This is no “Jaws” ripoff.
Movie Review #1,066
Distributed by Columbia Pictures & Sony Pictures Releasing. Drama, Horror, Thriller. Running time: 1 hour, 26 minutes. Rated PG-13 for bloody images, intense sequences of peril, and brief strong language. Released June 24, 2016. Directed by Jaume Collet-Serra. Writer: Anthony Jaswinski. Starring Blake Lively.
It’s pretty difficult to make a movie with a shark and entirely avoid comparisons to “Jaws”. No film can do it. I’m sure that there’s someone out there, somewhere, somehow, who has compared “The Shallows” to “Jaws”. It’s the validity of the argument made, not the opinion held, that matters. So let me just say that, while I respect anyone who thinks that “The Shallows” is like “Jaws”, I disagree.
This isn’t a shark attack movie. It’s a survival movie. “The Shallows” follows roughly the same formula that “127 Hours” followed six years ago. Blake Lively is the single most important element of the film. Her charismatic, lighthearted character, Nancy Adams, makes us eager to watch her and solely her for most of the movie. Her character defies the biggest stereotypes in Hollywood’s book. She’s a blonde vacationing on the beach, but that’s only because she’s taking a break from medical school to spend some time surfing. She is bitten by a shark and manages to crawl safely onto a rock and stay there, her only companion being a seagull that is also injured. She now has to plan her escape, but this is more difficult than she’d like it to be, for one reason: the shark is continuously circling the rock where she’s stationed herself.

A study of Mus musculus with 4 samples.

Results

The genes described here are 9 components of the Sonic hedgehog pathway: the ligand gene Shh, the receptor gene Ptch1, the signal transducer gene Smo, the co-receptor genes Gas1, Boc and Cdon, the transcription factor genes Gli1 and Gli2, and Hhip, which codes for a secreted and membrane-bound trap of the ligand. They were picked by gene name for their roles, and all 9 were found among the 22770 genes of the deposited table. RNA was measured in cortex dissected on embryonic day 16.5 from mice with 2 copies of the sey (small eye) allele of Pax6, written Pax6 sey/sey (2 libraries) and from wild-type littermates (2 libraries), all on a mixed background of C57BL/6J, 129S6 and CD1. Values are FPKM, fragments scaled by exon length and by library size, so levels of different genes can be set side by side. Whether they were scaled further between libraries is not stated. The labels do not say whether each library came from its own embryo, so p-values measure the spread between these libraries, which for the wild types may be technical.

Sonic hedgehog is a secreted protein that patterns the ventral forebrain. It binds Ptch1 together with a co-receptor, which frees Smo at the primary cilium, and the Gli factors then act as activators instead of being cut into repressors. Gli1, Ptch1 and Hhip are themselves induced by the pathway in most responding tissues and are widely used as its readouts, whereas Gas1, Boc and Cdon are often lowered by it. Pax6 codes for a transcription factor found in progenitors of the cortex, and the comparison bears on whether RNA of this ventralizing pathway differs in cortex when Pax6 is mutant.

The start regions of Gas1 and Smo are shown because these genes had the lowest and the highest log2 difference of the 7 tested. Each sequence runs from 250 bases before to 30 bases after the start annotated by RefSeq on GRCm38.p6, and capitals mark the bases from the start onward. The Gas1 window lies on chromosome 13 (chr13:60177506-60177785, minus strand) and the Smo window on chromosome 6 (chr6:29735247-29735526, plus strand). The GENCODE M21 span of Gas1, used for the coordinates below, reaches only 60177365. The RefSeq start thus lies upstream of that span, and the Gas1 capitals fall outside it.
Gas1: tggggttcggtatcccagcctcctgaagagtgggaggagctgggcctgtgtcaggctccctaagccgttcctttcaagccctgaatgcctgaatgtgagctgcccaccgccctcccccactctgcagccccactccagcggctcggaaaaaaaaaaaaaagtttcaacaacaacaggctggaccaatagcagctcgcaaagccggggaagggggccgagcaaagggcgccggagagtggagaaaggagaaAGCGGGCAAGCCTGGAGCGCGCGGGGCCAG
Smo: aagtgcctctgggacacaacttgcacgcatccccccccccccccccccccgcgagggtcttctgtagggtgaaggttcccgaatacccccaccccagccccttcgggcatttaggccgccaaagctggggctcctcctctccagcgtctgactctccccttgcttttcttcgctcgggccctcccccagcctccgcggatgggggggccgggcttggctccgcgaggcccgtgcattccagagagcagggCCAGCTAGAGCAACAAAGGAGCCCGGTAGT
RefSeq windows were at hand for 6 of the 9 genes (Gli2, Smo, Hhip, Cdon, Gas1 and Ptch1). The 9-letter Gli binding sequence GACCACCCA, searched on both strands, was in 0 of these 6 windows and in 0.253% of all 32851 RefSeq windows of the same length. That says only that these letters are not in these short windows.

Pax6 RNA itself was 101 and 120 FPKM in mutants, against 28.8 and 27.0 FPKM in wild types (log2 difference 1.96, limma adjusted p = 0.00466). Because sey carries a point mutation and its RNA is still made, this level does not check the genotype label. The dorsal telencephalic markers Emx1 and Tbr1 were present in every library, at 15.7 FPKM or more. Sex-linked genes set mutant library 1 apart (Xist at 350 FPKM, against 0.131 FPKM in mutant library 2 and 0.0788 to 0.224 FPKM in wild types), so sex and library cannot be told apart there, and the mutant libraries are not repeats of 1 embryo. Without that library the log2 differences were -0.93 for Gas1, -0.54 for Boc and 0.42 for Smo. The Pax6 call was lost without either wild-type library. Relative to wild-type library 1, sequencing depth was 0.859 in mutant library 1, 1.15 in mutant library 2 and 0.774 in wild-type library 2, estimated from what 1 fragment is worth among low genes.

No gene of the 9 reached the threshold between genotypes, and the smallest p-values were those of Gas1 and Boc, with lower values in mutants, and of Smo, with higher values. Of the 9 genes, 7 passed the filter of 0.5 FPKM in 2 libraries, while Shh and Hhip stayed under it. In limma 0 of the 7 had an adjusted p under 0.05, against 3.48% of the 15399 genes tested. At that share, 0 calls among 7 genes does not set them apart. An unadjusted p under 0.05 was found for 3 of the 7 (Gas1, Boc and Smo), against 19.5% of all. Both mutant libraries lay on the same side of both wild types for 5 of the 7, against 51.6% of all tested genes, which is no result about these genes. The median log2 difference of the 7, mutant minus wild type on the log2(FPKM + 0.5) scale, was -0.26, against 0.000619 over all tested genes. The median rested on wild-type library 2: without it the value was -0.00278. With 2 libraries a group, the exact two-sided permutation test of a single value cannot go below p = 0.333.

“The Shallows” is Spanish director Jaume Collet-Serra’s seventh film. His first three were horror movies, and his next three were action movies starring Liam Neeson. His experience in the latter does him a huge favor during the final act, but it’s really the former that makes the film so exciting to watch. “The Shallows” works because it’s suspenseful but not mysterious. The story is simple, even predictable, but contrary to what its title might indicate, not “shallow.” Simplicity seems to work in its favor. We can estimate what is going to occur throughout most of the story, but the question that remains on our mind is when it will happen.
Pacing is everything to Collet-Serra. Sometimes it’s to take us out of our comfort zone as viewers. The director prolongs the gore to the point that it becomes difficult to watch. Watching Nancy use her necklace and earrings to give herself stitches is a sight that should have earned the film an instant R rating. Sometimes the pacing works to make us doubt our expectations of the film. Again, the question here is not what will happen but when it will happen. “The Shallows” operates at a lifelike pace that leads its audience to wonder if the film is so predictable after all. Especially during the final third of the movie, we begin to wonder whether the heroine will actually survive the film. Let’s be honest: the film isn’t 100% original, and its deliberate pace isn’t always put to such a creative use. Early on, it’s used for humorous effect, where the increasing tension only results in a “false alarm.” If you’ve seen any horror movie, then it’s likely you’re familiar with the concept. But at the same time, the filmmaker’s sense of humor, coupled with Blake Lively’s spirited (or perhaps “lively”) personality, has a definite role in setting “The Shallows” apart from other horror movies.